This is the third in a series on turpentining in Georgia.
During the last two decades of the 19th century, many naval stores (turpentining) producers moved their operations, including laborers and distilling equipment, from North Carolina to Georgia, sometimes Florida or points west. In fact, Georgia was not devoid of turpentining operations before that time, case in point being John Cobb's at a site near the present town of Cobbtown. Steamboat traffic on major rivers, reliable ferries across streams and improved roads had made marketplaces like Savannah more accessible. However, the coming of the Carolinians marked a huge expansion.
Three major factors contributed to Georgia's becoming the new "tar heel" state. First was the exhaustion of natural resources in North Carolina and adjacent areas in South Carolina. The problem lay in "boxing," the decades old method of extraction of raw gum from pines. A narrow, long-bladed ax was used to cut a hole (box) near the base of the tree into which the fresh tar drained. Above it, the bark and some wood were cut away to produce a flow of gum and direct it into the box. An iron tool shaped like a ping-pong paddle was used regularly to remove accumulated gum.
Boxing was limiting because a tree could sustain only so many such injuries before it was in effect girdled and died. (In truth, I have seen a huge stump that had seven boxes on it.) Boxed trees were also susceptible to destruction by fire, wind and insect infestation. Once a tree had been "worked out" it could only be cut down and used for lumber. It took a long time for a seedling to grow large enough to be boxed. After nearly two centuries of this practice, North Carolina's pine forests had passed their peak.
The second factor was the pull of vast pine forests available in Georgia and states to the south and west. Certainly, there had been significant timber removal in Georgia, particularly along the Altamaha River and its tributaries from the fall-line to the timber port of Darien. Beginning when the Creeks still occupied one side of the river, intrepid river people took rafts of timber downstream for sale and large scale timber companies from outside the South used that mode of transport to harvest countless trees after the Civil War.
However, such river systems touched only a small part of Georgia's piney woods where millions of acres had never seen an ax except when settlers built houses or cleared land for farming. Bounteous resources awaited the era of systematic timber cutting and turpentining.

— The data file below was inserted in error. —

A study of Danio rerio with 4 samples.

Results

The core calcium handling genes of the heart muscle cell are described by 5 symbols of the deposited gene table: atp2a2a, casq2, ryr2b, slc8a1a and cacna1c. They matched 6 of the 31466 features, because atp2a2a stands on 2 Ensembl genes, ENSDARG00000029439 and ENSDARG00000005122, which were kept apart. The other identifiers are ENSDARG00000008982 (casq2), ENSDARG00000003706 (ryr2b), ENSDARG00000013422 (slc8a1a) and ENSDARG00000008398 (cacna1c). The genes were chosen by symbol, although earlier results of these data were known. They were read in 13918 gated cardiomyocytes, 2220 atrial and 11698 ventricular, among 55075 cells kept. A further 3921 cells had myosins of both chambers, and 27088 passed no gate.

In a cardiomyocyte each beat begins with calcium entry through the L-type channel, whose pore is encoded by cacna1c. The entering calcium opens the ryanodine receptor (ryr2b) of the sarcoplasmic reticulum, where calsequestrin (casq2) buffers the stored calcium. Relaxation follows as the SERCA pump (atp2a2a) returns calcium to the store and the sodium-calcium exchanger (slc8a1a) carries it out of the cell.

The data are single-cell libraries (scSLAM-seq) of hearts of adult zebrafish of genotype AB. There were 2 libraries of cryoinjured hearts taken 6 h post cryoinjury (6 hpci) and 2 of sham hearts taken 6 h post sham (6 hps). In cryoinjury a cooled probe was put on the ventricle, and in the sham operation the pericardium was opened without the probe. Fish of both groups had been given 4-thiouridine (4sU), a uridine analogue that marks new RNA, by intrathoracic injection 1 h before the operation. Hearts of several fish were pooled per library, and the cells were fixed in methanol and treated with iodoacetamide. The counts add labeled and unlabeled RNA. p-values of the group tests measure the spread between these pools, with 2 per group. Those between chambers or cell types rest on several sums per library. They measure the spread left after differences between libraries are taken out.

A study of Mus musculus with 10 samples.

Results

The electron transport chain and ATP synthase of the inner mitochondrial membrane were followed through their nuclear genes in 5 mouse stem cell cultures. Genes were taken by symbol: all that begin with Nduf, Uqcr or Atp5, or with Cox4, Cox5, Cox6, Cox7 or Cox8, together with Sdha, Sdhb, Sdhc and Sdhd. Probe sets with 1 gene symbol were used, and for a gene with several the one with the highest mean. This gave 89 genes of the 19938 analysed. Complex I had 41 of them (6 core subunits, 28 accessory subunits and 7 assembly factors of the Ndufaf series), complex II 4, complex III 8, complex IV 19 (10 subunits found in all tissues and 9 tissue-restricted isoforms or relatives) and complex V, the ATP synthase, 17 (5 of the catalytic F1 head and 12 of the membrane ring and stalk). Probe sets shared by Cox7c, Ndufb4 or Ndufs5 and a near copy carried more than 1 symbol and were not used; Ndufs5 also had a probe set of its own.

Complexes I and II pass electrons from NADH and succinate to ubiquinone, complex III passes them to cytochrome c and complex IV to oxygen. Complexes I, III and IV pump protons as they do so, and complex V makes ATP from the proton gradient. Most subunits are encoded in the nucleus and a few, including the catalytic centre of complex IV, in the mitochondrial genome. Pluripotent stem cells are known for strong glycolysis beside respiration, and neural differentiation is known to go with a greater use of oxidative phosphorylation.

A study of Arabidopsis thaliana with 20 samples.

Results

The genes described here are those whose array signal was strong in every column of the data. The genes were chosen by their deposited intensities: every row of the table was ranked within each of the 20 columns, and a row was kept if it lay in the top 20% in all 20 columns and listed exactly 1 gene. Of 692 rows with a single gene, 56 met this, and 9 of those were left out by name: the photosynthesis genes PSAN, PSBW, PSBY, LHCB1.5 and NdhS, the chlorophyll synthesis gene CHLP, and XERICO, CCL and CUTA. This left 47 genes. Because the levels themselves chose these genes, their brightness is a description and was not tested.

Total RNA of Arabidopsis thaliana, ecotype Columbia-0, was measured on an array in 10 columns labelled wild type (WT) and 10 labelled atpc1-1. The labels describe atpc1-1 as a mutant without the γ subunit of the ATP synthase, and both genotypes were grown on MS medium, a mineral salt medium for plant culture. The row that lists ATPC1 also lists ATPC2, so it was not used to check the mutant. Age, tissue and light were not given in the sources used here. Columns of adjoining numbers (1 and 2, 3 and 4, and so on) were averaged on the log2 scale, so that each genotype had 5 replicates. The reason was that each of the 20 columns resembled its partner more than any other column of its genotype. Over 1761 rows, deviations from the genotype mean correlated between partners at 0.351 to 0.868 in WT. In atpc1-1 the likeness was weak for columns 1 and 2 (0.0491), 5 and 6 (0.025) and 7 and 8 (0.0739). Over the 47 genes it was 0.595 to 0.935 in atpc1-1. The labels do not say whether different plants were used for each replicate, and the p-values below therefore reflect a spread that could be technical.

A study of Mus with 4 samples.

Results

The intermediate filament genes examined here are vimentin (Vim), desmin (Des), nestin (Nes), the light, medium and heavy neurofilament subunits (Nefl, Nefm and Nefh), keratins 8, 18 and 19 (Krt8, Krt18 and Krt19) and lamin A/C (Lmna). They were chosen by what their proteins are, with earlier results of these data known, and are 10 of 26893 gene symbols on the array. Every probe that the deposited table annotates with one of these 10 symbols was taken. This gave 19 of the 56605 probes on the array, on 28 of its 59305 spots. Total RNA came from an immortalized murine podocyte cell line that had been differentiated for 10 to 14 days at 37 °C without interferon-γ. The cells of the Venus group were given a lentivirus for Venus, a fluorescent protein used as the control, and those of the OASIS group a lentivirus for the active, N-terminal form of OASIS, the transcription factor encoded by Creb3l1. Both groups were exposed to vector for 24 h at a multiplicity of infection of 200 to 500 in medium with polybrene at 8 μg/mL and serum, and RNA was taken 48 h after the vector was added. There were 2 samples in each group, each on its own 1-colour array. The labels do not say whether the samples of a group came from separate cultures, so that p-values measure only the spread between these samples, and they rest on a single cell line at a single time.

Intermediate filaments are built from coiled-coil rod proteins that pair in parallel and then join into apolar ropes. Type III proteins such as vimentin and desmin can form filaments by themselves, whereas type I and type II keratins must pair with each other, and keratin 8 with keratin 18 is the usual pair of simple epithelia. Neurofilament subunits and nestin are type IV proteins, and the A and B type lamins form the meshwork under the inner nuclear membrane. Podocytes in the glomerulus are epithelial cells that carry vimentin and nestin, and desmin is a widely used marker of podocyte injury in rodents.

Transportation was the key to change and the years between 1880 and 1910 were a period of almost feverish development of railroads in South Georgia. It was an era of economic speculation during which many of the new railroads and plans for others failed. Where they succeeded, they redrew the economic and political map of the region. Their developers, sometimes people from outside, were driven by visions of money to be made in timbering, turpentining and the expanding cultivation of short staple cotton (as opposed to the finer quality but less productive long staple of Sea Island cotton).
George M. Brinson was identified as a railroad man, but he was more. He more or less established Stillmore and built the Stillmore Air Line to Collins, where it could shift cargo to the Savannah, Americus and Montgomery Railroad. His keenest interest was in his huge sawmill from which he could ship lumber to Savannah. The line was then extended north to Wadley to reach the Central of Georgia Railroad and that company acquired the line, renaming it the Wadley Southern Railroad. In the process, Stillmore became a thriving town with banks, retail stores and an academy.
Manassas Foy set up operations in southern Bulloch County, mainly timber at first, shipping lumber out on the SAMS. The entrepreneur developer of the SAMS even named one of its coal-and-water stops for him. He also set up a turpentine still and later brought in Lumbee Indians from Robeson County, North Carolina, to grow tobacco on his land.
Rail transportation was key, especially the many short lines that linked isolated areas to one another and to large population centers. Narrow-gage "tram" roads were driven into deep woods to transport trees but could be used for barrels of gum. Markets expanded for lumber, turpentine and rosin. Typical features of new coal-and-water stop towns were saw mills and turpentine stills. There was money to be made from pine trees.
Some of the transplanted North Carolina turpentine producers took their camps deep into the woods where it was possible to buy or lease large tracts of timber so that they would be set for several years of operation. Transportation to and from a railroad stop could be a challenge but not something they had not faced before. The patterns of work and of life in general were replicated across the piney woods all the way to Texas.
By the turn of the 20th century, turpentining had become a driving financial force in Georgia. Bulloch County, blessed with railroads and easy access to others, was deeply involved.
Roger G. Branch Sr. is professor emeritus of sociology at Georgia Southern University and is a retired pastor.